Mesospheric Monitoring of Ozone above the Polar Vortex
Strategic research project of the University of Oulu
Focus institute: Kvantum
Research Unit: Sodankylä Geophysical Observatory
The chemistry and physics of the middle atmosphere are affected by solar radiation as well as energetic particle precipitation from space. We do know that energetic electron precipitation, which occurs during displays of the northern lights, will create odd nitrogen in the mesosphere, which will then proceed to destroy ozone in the mesosphere as well as the stratosphere. While solar radiation effects on atmospheric chemistry are rather well studied, particle effects are much less understood. Ozone chemistry plays a crucial role, and thus this project will establish a network of instruments for long-term monitoring mesospheric ozone.
The Mesospheric Monitoring of Ozone (MeMO) project utilises a novel, low-cost method to measure ozone in the mesosphere around 80 km altitude. Traditionally, mesospheric gases are very difficult to measure, because the respective altitudes, roughly between 50 and 100 km, can be measured in situ neither by balloons (too high), nor by satellites (too low). Valuable information has come from rocket flights, but these are expensive and of short duration and therefore unsuitable for long-term monitoring. Only remote sensing methods are feasible, and ground-based radiometers are frequently used. Radiometers can provide vertical profiles of, e.g., ozone concentrations, but they, too, are complex and cumbersome instruments.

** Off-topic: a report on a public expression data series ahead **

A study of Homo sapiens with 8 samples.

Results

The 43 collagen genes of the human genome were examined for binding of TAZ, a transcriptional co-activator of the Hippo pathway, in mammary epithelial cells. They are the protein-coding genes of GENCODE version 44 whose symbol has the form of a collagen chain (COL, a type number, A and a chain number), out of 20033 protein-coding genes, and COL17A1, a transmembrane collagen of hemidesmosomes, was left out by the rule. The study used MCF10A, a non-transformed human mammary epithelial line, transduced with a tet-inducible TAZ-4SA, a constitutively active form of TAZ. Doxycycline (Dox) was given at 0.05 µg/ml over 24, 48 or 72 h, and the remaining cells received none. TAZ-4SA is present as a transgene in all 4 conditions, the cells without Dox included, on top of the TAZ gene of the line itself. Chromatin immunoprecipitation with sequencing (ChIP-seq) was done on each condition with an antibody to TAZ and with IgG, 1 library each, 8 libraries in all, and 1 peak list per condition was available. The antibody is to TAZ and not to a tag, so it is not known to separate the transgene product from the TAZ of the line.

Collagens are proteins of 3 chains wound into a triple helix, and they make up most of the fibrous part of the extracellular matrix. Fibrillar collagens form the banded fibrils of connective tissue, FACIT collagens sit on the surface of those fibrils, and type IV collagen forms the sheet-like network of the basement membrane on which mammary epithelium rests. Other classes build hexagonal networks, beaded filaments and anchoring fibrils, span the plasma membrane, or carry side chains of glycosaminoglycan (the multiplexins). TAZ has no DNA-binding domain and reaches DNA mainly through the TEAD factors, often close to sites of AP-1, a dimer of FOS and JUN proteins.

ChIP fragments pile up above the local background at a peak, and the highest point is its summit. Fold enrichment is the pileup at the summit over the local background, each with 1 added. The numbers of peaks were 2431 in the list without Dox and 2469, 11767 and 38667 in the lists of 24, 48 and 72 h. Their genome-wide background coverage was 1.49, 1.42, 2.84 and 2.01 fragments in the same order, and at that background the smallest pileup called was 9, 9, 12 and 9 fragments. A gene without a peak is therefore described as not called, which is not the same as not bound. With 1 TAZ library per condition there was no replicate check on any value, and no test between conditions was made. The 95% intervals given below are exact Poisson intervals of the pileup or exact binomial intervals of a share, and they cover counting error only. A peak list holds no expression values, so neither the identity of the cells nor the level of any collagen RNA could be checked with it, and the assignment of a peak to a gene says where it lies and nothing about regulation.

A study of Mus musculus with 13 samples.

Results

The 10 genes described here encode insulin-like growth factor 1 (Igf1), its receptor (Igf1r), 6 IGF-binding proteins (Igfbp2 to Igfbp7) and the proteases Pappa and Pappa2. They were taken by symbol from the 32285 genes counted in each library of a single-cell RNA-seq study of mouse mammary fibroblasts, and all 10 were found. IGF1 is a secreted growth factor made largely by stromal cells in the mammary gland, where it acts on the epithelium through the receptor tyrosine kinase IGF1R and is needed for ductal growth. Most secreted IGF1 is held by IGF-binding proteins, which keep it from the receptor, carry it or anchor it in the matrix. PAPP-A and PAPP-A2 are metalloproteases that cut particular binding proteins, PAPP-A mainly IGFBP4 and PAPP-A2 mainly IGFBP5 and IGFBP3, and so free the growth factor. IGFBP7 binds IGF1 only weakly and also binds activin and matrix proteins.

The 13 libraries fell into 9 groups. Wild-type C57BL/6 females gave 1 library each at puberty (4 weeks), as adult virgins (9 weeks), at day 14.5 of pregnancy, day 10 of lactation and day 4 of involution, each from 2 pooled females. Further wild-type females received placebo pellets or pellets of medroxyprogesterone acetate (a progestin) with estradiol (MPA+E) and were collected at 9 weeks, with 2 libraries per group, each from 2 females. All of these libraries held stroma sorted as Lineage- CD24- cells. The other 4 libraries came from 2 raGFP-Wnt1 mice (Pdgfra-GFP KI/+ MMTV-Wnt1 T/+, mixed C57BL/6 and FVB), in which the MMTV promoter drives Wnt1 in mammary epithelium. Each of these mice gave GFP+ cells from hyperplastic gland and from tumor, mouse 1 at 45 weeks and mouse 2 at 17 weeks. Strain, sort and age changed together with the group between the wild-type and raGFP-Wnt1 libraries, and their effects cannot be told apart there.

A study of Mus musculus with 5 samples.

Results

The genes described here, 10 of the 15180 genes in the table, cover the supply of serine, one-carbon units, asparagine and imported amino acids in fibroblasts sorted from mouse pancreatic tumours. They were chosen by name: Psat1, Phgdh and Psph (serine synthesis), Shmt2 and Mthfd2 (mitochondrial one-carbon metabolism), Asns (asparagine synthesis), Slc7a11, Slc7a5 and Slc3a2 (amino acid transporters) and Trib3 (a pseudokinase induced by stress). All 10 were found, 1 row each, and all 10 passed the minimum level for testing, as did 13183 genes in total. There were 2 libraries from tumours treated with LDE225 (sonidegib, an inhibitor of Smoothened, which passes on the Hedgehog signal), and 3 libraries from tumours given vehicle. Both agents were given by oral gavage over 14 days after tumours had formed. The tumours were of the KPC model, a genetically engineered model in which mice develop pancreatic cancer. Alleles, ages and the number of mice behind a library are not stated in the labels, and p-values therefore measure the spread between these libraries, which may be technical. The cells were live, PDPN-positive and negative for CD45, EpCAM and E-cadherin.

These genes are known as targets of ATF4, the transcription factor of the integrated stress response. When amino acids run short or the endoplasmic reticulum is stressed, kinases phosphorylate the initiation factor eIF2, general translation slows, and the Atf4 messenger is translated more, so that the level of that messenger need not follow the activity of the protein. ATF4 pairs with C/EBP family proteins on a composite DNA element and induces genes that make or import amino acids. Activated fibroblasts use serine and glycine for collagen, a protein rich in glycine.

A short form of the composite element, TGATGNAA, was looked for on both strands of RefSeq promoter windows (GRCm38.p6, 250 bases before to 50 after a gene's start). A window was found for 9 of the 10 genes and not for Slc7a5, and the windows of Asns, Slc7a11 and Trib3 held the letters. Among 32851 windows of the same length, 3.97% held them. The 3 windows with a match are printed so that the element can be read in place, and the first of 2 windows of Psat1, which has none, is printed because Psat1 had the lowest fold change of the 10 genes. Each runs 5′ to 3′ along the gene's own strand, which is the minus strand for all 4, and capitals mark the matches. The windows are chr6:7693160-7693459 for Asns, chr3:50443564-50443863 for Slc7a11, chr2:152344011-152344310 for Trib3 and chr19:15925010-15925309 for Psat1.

MeMO will make use of the fact that mesospheric ozone has a radio emission in the same band as geostationary television satellites, at 11.07 GHz. Therefore standard commercial satellite receiver equipment can be used to measure ozone around 80 km altitude. This method has been pioneered by our colleagues from MIT’s Haystack Observatory, USA. The satellite dish is pointed at low elevation at the horizon such that its field of view transects the altitude of 80 km at about 600 km distance. This allows us to measure ozone above a location, which is itself inaccessible, like the Barents Sea. The project will develop the method further by improving the measurement hardware as well as by developing a completely revised retrieval algorithm based on stochastic inversion theory. The data will be compared with and validated against space-borne measurements of mesospheric chemical constituents as well as global circulation models.
Project coordinatorUniversity of Oulu
MeMO is a collaboration between Sodankylä Geophysical Observatory (PI), Finnish Meteorological Institute, South-African National Space Agency, MIT Haystack Observatory, British Antarctic Survey, and the University of Otago, New Zealand.